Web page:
Tortoises no longer slowing construction on Ivanpah Solar project

The bureau requested BrightSource Energy and developer Bechtel Power Corporation to temporarily stop work on phase 2 and 3 of the 392 MW solar project in the Mojave Desert in April of this year to reassess the project’s impact on desert tortoises that happens to live on the site.

Work was allowed to resume after the United States Fish and Wildlife Service issued a new assessment, known as a biological opinion, concluding the tortoise populations would not be jeopardized. The project remains on schedule despite the suspension, BrightSource said in a statement.

The biological opinion tells BrightSource what it needs to do to protect certain species of plants and animals in the area. It includes monitoring, testing, quarantining and relocating captured and sick tortoises to protect them from construction activities.

The desert tortoise, a federally-listed “threatened” species, prompted BrightSource in February 10 last year to change the original design for the Ivanpah project. The company reduced the size of the 4,000-acre solar thermal power plant by 12 percent, cutting its electricity generation from 440 megawatts to 392 MW.

Protection programs for tortoises

BrightSource and its partners NRG Energy, Bechtel and Google Inc. have now committed up to 100 trained desert tortoise biologists to be present on the project site every day, supervising construction activity to ensure that tortoises are not physically harmed in any way.

“One of the biggest challenges facing the desert tortoise population is the high mortality rates for juveniles due to high predation rates,” said Mercy Vaughn, the lead biologist for the Ivanpah project.

Brightsource set up a head-start program to take care of young tortoises during approximately the first five years of life, or until they are large enough to resist predators. In their natural environment, less than ten percent of juvenile desert tortoises survive.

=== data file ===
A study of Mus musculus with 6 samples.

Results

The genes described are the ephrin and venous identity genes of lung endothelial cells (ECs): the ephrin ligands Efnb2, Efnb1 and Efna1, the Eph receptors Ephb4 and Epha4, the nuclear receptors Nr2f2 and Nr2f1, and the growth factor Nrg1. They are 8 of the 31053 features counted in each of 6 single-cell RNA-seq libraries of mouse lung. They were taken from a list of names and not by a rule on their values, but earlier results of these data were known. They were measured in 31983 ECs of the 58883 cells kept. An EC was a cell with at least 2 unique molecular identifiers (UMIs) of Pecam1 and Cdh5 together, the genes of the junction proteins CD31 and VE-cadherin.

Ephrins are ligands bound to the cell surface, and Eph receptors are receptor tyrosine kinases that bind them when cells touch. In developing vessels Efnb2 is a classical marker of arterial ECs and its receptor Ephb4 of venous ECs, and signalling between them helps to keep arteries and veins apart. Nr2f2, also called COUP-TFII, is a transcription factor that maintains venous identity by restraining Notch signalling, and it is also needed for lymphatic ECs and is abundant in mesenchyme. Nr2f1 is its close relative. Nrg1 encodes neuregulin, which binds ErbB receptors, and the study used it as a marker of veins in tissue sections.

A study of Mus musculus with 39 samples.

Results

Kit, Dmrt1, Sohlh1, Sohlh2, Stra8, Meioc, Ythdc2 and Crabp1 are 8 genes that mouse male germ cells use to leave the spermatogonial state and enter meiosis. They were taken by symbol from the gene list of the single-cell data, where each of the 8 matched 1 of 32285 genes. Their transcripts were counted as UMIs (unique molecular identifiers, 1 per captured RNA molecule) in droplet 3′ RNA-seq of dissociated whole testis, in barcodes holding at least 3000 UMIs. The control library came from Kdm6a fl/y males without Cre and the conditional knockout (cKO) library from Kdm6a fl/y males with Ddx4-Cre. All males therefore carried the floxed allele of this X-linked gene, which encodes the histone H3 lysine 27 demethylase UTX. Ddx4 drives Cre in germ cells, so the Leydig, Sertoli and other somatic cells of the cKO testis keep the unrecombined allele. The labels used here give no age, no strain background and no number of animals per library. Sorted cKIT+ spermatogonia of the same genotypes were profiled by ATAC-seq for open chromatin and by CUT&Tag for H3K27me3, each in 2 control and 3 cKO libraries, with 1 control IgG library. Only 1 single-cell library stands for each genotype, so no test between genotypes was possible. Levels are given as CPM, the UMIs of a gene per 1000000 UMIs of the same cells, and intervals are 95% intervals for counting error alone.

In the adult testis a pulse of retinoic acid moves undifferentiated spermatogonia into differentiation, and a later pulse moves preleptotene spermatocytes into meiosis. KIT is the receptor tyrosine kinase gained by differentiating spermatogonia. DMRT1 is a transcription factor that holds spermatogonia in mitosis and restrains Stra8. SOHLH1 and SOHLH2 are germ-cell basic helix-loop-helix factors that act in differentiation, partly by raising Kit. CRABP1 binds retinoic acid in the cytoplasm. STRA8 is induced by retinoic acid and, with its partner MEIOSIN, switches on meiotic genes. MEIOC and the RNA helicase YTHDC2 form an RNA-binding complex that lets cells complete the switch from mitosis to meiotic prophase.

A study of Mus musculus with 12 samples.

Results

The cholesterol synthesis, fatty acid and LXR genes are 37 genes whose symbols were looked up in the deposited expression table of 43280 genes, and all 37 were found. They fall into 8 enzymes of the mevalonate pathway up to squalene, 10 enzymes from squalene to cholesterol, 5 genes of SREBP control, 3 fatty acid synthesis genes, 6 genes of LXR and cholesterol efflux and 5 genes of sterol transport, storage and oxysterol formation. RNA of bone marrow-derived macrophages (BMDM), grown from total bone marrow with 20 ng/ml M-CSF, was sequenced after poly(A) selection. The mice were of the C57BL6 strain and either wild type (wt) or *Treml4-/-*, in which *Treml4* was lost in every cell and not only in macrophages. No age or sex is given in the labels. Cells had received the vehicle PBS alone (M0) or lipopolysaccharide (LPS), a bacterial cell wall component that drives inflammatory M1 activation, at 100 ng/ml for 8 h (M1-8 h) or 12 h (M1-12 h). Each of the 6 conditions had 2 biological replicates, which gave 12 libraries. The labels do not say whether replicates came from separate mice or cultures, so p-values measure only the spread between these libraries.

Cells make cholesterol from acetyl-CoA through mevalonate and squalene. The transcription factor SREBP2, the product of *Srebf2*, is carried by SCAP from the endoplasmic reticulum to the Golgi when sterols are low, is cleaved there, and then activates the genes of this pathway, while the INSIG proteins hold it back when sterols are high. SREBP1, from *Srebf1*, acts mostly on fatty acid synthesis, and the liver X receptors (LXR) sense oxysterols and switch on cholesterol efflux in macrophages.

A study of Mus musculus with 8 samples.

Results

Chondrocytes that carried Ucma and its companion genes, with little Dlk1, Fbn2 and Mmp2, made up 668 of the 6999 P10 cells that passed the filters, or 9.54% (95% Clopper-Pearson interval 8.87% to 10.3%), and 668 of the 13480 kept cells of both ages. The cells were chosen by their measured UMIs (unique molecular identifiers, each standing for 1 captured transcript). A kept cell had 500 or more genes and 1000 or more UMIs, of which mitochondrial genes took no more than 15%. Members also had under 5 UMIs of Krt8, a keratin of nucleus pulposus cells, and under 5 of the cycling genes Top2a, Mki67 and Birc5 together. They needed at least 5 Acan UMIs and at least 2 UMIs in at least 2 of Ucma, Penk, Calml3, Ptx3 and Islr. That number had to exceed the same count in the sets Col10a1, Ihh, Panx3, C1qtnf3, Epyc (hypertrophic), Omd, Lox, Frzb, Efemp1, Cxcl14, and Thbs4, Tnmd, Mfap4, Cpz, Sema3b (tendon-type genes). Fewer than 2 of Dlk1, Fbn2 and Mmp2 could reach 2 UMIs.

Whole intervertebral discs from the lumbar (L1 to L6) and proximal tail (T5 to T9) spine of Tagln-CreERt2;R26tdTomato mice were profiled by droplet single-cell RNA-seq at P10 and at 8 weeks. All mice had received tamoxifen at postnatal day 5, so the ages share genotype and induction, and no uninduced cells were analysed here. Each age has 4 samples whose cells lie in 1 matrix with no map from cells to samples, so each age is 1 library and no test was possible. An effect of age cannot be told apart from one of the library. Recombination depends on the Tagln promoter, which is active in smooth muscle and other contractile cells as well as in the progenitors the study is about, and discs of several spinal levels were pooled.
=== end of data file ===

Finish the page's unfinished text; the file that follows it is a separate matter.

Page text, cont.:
“This project is leading the way for private industry serving as a proactive model in conservation of the threatened desert tortoise,” added Ms. Vaughn.

BrightSource has gotten a $1.6 billion loan guarantee for the $2.2 billion project. The government promises to pay back the loan, which comes from Treasury’s Federal Financing Bank, if the company defaults.

Ivanpah is BrightSource’s first solar farm, and it has gotten investments from NRG and Google. NRG is the largest investor in the project, putting $300 million in the project in October 2010 while Google invested $168 million in April this year.

Solar power in the Mojave

Ivanpah is one of nearly a dozen solar power plants to be built in the Mojave Desert, which spans 20 million acres of land across four states including California and Arizona.

Like Ivanpah, most of the projects are solar thermal power plants that concentrate sunshine on collectors that, in turn, heat a liquid solution to create steam. Steam runs the electric generators. Ivanpah uses 173,000 flat mirrors called heliostats to focus sunlight.

In August last year, the California Energy Commission approved proposal to build a 250-megawatt concentrating solar power plant in Kern County. The $1 billion Beacon solar energy project was proposed by NextEra Energy Resources to be located at the western edge of the Mojave Desert and will cover about 2,000 acres of farmland

Solar Trust, a joint venture between German companies Solar Millennium and Ferrostaal also won a recommendation for final approval from the commission to build the Blythe solar thermal power plant. It is designed to house four 250-MW power plants with a net output of 242 MW each.